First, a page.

Privileged Access Key to China’s Attack on Telecoms

June 25, 2019 Lavi Lazarovitz

The recent attack by China on Cellular companies – called Operation Soft Cell – is part of an espionage campaign that leverages privileged access in privileged accounts. Compromising credentials remains the weapon of choice for attackers and a top attack pattern.

We first encountered this pattern when Edward Snowden revealed Operation Socialist, a CIA and British Global Communication Headquarters (GCHQ) campaign that allegedly attempted to take control of one of the most widely spread telecommunications networks in the country – Belgian telecommunications company Belgacom. Access to Belgacom would allow intelligence agencies to obtain the metadata required to track specific target individuals. Aside from this new attack coming from a very different quarter, China’s APT 10 rather than the GCHQ, the attacks are very similar.

Operation Socialist, like the recent Soft Cell operation, leveraged privileged access and privileged accounts to take control of telecommunication systems and persist while remaining in the shadows. Neither of these attacks needed to exploit vulnerabilities or reveal sophisticated and aggressive tools, which cost a lot to develop. In both cases, the groups compromised the organization’s privileged accounts – namely domain admin accounts. Domain admin accounts have administrator rights over an entire domain, making them extremely useful to an attacker.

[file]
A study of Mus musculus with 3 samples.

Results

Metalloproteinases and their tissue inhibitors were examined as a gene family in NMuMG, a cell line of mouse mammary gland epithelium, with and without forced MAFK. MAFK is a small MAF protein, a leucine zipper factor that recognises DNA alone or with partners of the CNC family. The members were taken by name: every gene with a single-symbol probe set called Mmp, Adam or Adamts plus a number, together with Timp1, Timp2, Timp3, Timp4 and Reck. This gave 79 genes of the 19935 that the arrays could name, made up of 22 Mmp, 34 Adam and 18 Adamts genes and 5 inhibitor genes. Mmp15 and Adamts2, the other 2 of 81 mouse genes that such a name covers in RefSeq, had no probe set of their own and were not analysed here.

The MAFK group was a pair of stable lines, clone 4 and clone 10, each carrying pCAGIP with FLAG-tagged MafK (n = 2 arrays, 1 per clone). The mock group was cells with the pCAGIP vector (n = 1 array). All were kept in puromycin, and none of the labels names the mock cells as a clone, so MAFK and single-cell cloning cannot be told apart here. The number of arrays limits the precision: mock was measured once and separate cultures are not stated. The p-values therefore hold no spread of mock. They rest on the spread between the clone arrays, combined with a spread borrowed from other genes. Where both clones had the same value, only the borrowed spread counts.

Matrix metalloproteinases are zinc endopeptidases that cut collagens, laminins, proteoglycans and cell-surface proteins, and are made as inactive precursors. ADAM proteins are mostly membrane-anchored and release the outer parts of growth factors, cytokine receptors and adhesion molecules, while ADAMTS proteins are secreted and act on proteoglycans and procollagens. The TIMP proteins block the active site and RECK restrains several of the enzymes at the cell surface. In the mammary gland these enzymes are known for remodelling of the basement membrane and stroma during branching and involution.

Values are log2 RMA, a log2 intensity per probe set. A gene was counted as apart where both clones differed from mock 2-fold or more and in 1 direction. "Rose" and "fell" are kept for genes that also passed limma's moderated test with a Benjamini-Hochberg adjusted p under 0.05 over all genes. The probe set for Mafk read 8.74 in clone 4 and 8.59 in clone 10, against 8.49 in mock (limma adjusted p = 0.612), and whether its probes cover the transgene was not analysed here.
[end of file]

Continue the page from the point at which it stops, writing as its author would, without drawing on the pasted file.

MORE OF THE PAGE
Domain admin accounts and other well-known privileged accounts are usually tightly-controlled and monitored. However, there were still vulnerabilities to exploit. The attackers probably went after shadow admins, which are privileged accounts that aren’t members of the privileged Active Directory group, letting them fly under the radar and often go overlooked by organizations’ security teams.

These type of accounts have special privileges that allow an attacker to gain control of a complete network control without being a member of a privileged group. Consequently, the attack leaves little trace, while still providing the attacker with flexibility. In the Soft Cell operation, the attackers launched a VPN service to allow them shadow access to the network – possibly based on shadow admin accounts.

Using shadow admins to gain access isn’t the only short cut that the attackers from Operation Soft Cell and Operation Socialist used. In both of these cases, the attacks on the telecom companies targeted the supply chain.  Just like hardware manufacturing facilities, software companies that provide product updates or internet traffic backbone servers are vulnerable to supply chain attacks.

This has become common with many attackers redirecting their efforts from well-defended organizations to their less-secure supply chains. Attackers who want intimate and persistent access to a company’s data and IP can replace sending phishing emails to vast numbers of employees with bugging the company’s hardware. Attackers who want access to an individual’s metadata, location and calls for a longer period of time, can replace exposing a costly WhatsApp vulnerability with compromising a specific individual’s phone.